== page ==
March 18, 2010

Anna Julia Cooper, the Mother of Black Intellectualism

Besides having been the 4th African American woman to receive her Ph.D. in 1925 from the University of Paris Sorbonne, one could also consider Anna Julia Cooper the "ghost" writer and thinker for W.E.B. Dubois.


In honor of Women's History Month, I wanted to illuminate Anna Julia Cooper, a seldom discussed and seldom lauded scholar, intellectual, and feminist.  Most are unaware of the friendship between Cooper and the famous intellectual W.E.B. DuBois.  As many may know, the turn of the twentieth century signified a rise in Black thought, culture, and community.  Black intellectuals sought to disrupt the prevailing white supremacist notions of race and challenge intellectual spaces not meant for blacks.


As a result of this deconstruction, the inevitable gender battle erupted within the Black community.  Cooper argued that black men had selfishly excluded black women from higher education and intellectual progress.


Heretofore, the black woman had been purely ornamental, servicing the needs of the black man, and her greatest desire was to make herself marriageable.  The presumption was that higher education would simply spoil her femininity.  These sentiments echo conflicts that Cooper had experienced first hand.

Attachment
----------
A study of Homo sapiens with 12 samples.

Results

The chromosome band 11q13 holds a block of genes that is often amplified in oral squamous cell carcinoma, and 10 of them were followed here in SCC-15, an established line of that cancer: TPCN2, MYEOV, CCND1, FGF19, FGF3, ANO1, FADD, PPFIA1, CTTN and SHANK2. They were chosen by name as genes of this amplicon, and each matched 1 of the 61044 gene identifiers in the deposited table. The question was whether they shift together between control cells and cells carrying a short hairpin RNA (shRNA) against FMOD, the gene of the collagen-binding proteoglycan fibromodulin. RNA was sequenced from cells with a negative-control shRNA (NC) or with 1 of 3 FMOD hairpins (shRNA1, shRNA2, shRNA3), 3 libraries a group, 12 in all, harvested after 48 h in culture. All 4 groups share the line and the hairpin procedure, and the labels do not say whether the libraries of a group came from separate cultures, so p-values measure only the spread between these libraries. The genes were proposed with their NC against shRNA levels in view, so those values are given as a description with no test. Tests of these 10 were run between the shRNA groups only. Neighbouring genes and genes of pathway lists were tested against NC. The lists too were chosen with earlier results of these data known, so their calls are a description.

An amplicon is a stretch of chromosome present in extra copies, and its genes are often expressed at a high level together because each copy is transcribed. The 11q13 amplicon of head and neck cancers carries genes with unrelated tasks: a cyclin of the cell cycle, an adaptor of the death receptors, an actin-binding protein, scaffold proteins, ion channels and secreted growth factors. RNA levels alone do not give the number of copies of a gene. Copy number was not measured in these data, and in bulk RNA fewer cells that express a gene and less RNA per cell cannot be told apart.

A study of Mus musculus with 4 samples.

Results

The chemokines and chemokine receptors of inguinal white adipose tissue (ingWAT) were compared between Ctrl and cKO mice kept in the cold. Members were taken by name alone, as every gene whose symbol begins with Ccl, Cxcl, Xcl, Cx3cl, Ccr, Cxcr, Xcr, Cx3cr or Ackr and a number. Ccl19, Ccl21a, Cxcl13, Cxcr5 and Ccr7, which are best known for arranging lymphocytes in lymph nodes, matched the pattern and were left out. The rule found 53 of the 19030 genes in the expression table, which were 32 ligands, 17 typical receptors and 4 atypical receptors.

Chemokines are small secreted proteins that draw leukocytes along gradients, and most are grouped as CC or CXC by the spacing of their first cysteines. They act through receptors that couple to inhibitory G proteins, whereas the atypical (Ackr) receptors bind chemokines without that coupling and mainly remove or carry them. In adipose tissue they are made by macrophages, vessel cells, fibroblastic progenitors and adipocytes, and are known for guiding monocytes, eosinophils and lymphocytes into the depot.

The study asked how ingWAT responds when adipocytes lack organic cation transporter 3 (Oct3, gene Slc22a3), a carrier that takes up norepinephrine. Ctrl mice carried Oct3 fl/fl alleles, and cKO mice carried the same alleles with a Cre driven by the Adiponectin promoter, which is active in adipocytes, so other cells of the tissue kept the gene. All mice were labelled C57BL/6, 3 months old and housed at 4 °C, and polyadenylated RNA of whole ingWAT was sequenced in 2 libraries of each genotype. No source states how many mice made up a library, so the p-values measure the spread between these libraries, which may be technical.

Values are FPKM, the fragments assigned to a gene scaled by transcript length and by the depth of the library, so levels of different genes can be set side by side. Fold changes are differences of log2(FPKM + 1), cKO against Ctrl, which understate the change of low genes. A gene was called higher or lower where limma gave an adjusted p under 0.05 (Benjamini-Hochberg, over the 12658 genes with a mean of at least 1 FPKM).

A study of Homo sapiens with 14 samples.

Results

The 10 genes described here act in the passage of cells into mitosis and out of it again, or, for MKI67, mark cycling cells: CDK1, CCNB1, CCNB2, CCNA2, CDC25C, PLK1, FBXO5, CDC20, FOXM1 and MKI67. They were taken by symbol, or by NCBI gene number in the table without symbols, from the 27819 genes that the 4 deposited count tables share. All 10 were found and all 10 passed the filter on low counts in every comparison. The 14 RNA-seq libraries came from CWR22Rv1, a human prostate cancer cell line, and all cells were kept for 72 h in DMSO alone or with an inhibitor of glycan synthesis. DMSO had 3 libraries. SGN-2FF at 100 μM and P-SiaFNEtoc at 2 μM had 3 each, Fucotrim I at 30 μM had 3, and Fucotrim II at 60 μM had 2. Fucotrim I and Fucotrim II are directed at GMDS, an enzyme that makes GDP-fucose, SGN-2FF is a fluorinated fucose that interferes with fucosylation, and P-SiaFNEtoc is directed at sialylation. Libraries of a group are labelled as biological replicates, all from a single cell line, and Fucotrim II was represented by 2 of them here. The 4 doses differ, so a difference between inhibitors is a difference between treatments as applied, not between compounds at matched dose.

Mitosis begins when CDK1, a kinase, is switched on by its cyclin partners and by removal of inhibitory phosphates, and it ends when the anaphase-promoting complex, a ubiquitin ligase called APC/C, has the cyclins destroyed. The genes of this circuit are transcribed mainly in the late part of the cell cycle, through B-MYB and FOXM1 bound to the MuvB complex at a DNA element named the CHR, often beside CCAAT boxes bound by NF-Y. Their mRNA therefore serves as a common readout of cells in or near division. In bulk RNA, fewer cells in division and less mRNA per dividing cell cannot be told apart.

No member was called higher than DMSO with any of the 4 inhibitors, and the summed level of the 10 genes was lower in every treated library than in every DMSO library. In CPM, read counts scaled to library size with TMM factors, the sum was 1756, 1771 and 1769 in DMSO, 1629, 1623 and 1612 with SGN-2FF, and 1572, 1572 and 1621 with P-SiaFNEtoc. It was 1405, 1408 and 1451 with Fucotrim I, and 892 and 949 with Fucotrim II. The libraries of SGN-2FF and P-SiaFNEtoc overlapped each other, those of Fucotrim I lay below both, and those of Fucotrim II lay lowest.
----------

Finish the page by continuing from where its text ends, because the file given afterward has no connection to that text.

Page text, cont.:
Many have said that W.E.B DuBois had read Cooper’s essays prior to writing The Souls of Black Folks, and his writings were heavily inspired by Cooper’s ideas.  Although DuBois includes Cooper’s quote in Souls, “only the black woman can say ‘when and where I enter’”, he fails to credit Cooper by name as the original author of the idea.  Instead, he attributes it to “one of our women”.  In fact, after Dubois establishes The Crisis, Cooper writes to him several times, admonishing him to publish some of her work.  He ignores  her and never publishes the work.  Furthermore, it was Cooper who urged Dubois to respond, with his text Black Reconstruction, to Claude Bower’s Tragic Era, which used racist rhetoric to indict the Reconstruction era.  Of course, this text becomes one of Dubois’s noteworthy works.


I recommend reading Cooper's book A Voice from the South.  In it,  Cooper argues for intellectual egalitarianism between the black woman and the black man, rather than the prevailing position of the black woman in the shadow of the black man, walking behind him, invisible, and lacking any true relevance within the black community.


I think it has taken the better part of a century to change this perception of the black woman.  Nevertheless, society continues to view black women in binaries.  As such, there is still much work to be done.